Beirut at Park Theatre

Beirut at Park Theatre

Beirut by Alan Bowne is set during an unknown time in the future in America where a virus has spread. Residents are tested and those infected are quarantined in an area of New York whilst those that tested negative live in a different part, the two never allowed to mix for fear of contamination. The virus spread by bodily fluid, means that having babies is banned and there is speak of babies being born in test tubes.

At the fore of the play however is the sexual repression. Those that test negative are banned from having sex, the women forced to cover up so as to not tease the men. Living in this world is Blue, who tested negative and her boyfriend Torch who tested positive. Blue has snuck into the quarantined zone and spends most of the play trying to convince Torch to have sex with her and potentially sign her death warrant.


Photo credit Loranc Sparsi

Whilst the virus is never named throughout Beirut the show is clearly based on the aids epidemic. However the bigger concept itself was one that intrigued me with the discussion over the state control over our private lives, in particular our sex life and how we try to wrestle back control. Throughout the play Blue flits between declaring her love for Torch and utter frustration at his refusing to kiss her and generally engage in any intimacy, whereas Torch displays a build up of clear sexual frustration and frustration that the woman he loves seems so determined to manipulate him into sleeping with her and thus condemning her.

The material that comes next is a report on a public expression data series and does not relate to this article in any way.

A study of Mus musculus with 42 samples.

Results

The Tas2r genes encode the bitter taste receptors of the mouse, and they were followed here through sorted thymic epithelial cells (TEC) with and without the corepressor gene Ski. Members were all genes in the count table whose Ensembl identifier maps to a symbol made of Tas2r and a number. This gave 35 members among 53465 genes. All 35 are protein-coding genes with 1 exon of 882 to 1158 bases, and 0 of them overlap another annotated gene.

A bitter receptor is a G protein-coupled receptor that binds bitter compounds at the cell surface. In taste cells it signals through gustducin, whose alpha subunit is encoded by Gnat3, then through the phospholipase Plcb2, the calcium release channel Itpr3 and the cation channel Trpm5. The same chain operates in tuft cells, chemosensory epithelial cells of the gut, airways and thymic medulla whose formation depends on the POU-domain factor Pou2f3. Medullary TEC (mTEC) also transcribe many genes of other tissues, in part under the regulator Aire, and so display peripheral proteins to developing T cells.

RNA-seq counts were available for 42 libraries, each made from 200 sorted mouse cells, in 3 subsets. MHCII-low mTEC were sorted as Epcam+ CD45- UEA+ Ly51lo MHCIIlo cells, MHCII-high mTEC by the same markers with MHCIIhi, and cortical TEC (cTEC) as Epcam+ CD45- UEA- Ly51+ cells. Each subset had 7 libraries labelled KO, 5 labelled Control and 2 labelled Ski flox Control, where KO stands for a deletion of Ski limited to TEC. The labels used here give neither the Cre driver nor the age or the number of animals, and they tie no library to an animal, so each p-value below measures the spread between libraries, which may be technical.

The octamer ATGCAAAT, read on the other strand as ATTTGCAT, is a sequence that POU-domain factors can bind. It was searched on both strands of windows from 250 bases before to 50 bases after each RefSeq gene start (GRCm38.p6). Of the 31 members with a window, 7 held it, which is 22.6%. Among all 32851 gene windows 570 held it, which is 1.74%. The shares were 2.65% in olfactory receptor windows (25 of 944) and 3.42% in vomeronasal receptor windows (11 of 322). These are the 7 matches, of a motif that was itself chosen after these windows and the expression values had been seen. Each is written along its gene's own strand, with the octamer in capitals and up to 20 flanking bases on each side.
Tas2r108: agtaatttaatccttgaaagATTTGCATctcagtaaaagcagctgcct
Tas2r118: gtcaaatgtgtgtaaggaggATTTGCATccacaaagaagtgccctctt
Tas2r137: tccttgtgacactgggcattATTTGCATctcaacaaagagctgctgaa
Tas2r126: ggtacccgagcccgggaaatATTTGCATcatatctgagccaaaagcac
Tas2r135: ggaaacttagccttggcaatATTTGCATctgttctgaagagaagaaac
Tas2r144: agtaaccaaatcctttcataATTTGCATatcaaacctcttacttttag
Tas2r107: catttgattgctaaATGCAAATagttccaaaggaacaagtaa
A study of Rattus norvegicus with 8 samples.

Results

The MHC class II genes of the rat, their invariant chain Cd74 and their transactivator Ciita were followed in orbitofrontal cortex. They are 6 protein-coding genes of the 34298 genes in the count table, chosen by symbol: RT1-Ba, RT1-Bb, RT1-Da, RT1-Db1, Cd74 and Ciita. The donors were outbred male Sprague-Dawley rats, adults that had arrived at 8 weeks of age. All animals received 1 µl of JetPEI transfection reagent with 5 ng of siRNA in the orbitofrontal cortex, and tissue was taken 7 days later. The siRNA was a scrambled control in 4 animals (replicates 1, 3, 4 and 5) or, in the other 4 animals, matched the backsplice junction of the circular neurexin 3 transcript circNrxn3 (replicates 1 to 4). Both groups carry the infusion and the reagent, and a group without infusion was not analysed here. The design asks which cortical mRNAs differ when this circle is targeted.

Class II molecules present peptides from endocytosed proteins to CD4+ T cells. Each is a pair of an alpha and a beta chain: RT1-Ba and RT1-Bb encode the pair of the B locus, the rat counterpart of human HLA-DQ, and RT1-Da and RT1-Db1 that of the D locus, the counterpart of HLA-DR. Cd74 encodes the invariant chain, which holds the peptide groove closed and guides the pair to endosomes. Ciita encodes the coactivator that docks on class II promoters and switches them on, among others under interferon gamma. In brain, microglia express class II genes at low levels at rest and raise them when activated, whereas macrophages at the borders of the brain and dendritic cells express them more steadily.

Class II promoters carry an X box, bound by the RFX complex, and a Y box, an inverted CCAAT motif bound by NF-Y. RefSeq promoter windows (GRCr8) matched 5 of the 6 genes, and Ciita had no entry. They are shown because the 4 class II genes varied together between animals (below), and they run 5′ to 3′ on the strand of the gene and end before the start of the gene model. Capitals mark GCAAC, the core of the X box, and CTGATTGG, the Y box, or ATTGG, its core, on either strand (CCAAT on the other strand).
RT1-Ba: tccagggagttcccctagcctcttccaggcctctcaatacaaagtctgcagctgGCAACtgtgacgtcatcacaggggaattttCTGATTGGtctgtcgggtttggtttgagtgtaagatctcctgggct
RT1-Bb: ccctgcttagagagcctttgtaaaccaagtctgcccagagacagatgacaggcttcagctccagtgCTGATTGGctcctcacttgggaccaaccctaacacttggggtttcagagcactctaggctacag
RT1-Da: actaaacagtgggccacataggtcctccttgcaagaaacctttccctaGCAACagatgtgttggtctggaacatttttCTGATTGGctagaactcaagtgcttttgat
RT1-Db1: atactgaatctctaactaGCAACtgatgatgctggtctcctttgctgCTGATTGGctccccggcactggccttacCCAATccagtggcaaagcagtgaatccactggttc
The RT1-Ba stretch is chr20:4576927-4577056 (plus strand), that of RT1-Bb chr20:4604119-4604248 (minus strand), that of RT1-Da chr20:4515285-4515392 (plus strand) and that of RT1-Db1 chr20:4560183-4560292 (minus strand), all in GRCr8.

Blue and Torch had a very interesting relationship and power dynamic however I would have liked to have known more about them and their back story. Without this you felt that sex was very much at the fore and that the driving force behind this was lust, rather than love. The majority of the time Beirut was a fairly circular occurance of Blue trying to persuade Torch, Torch nearly caving in, changing his mind and Blue getting angry as a result.Beirut

The show did sit slightly uneasily with me and it took me a while to realise why. If the roles were reversed in this play, if it was in fact Blue who already tested positive and consequently it was Torch trying to manipulate Blue into having sex with him the play would have barely begun before there were grumbles about the undercurrent of the show. However as it was a woman trying to convince a man to sleep with her this aspect was glossed over, possibly to the shows detriment.

Blue was played by Louise Connolly-Burnham and she played this difficult character with confidence. Blue is not a character you really empathise with yet Connolly-Burnham still managed to get the audience eating out of the palm of her hand as she toyed with Torch. Torch was played by Robert Rees who was full of contradictions and consistently put in impossible situations yet he maintained believability throughout. The biggest success however for both Connolly-Burnham and Rees was their chemistry and their ease with each other on stage. Beirut required many intimate moments for the actors and in a small venue there was no getting away from it but they certainly convinced me that they wanted each other.

BeirutThe play itself was staged well. The set was what looked like a bed sit with a dirty bed and papers littering the stage. A simple set of stairs leads up to the door of Torch’s home showing that what the audience sees is literally Torch’s life. The lighting is effective, setting the dark mood of the piece, further enhancing the squalor of Torch’s life.

Overall Beirut is an interesting piece and whilst I liked the concept I thought this could have been developed further however the cast and creatives have done a good job with this flawed play.

To find out more about Beirut visit Park Theatre’s website.

If you like this review you might also like reviews for Schism, Tartuffe and Translations.